German, U.S. military elementary school students share cultures, education
June 1, 2010
WIESBADEN, Germany - The 100-year-old oak door leading into the Trebur German elementary school was impressive, especially to the Hainerberg Elementary second-graders who visited in March.
The door had history, it had weight, and more importantly it was old.
But for the Trebur third-graders who traipsed the hallways of Hainerberg Elementary School May 18, the American school had something equally impressive.
"Der Flur," said Nicola Grableu in answer to her English teacher Silvia Heinrichs.
Heinrichs gave a questioning look but translated her response.
"She likes the building's halls, the floors, the walls," said Heinrichs.
Then it was clear.
In every hallway at Hainerberg Elementary, are displays of art projects and student achievements. In every classroom, the walls are lined with colorful posters and teaching material.
And technology is around every corner with the school's 53 Smart Boards (interactive whiteboards projected and connected to computers for easy printing), 59 projectors and some 300 new computers.
"You have a lot of modern technology," Heinrichs said as she crouched by one of her German students in the Hainerberg Elementary's computer lab.
The May 17 German-American exchange day included time in the school's computer lab working on German-English computer games, a reading session in the library, time on the school's playground and a real American school lunch.
"It should be an eye-opener for all the students," said Regina Majer, the Hainerberg Elementary German-American teacher for kindergarten through second grade, "an exchange with a different culture not just a different language. And it's also about understanding the different culture whether it's the food or the schools."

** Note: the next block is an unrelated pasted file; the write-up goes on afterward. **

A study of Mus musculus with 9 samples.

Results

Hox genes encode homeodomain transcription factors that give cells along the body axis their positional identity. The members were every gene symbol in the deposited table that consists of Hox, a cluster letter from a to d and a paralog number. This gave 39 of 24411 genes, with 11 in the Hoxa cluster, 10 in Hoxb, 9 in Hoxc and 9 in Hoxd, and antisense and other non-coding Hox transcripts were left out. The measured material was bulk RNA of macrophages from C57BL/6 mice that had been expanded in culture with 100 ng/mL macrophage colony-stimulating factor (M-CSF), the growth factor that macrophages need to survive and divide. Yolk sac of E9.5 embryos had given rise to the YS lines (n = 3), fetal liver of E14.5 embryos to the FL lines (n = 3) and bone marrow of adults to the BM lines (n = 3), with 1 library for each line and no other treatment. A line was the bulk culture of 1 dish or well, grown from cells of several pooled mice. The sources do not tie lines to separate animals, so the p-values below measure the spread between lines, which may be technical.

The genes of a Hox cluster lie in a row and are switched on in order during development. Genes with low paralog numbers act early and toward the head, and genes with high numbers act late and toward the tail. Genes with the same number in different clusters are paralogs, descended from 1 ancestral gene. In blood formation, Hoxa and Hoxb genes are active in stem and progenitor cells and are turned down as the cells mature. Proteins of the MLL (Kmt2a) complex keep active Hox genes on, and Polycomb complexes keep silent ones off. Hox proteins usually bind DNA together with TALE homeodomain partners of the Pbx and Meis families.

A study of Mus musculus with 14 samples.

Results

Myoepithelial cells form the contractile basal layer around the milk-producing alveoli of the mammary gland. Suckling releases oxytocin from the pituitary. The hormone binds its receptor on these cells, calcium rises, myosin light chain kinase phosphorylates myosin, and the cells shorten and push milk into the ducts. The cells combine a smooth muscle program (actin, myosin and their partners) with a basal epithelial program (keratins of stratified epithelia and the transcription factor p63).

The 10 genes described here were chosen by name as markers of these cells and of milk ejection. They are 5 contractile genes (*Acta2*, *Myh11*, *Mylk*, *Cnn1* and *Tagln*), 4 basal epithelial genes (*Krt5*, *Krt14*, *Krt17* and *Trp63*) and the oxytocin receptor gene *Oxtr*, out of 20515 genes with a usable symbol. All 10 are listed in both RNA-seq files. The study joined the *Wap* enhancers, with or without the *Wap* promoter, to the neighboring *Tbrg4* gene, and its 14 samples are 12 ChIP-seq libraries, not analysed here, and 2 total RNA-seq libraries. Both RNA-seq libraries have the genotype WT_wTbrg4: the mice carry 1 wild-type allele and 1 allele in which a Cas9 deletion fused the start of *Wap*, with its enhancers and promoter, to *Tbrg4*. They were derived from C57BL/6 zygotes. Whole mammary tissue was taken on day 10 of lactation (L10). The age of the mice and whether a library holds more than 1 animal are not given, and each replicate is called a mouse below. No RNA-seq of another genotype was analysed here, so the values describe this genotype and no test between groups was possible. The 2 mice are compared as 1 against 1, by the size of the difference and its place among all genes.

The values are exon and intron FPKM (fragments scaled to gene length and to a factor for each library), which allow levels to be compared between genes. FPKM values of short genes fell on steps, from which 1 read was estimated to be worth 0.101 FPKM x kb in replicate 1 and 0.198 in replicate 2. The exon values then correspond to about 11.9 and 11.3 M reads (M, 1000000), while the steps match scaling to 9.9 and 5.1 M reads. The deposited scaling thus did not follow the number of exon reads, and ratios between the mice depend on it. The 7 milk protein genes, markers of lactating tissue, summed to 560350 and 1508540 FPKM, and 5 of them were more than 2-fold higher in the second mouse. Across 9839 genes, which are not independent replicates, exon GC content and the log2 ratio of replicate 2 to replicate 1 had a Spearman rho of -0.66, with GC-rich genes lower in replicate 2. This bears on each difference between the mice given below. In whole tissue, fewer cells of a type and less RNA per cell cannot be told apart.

After more than 30 years as a German-American teacher, Majer said younger students are less inhibited to learn a language or reach out to other students and make a connection.
"I always tell our students 'you are little ambassadors of our country' before we visit the German schools," said Majer.
During a visit in March to Trebur, American second-graders were treated to a tour of the city, a stop at a museum and a lunch of fresh potato soup, carrot sticks and fresh bread.
The day of thousand-year-old history and homemade meals was a stark comparison to the American experience of a big playground and an American lunch consisting of tacos or pizza.
"It's a good experience for the pupils, and they are very impressed with the building," said Heinrichs, who along with the Trebur third-grade teacher Irene Bonk, accompanied 19 German students to Hainerberg.
In the computer lab, Hainerberg Elementary's educational technologist, Scott Barlow, helped Trebur students with their first experience using a Smart Board. Hesitant marks were quickly erased as the children scrawled their names across the virtual board.
With technology offered in just about every classroom and enough computers to be shared among both German and American students, Barlow said the availability of technology definitely catches the German students' attention.
"We're looking pretty cool," said Barlow.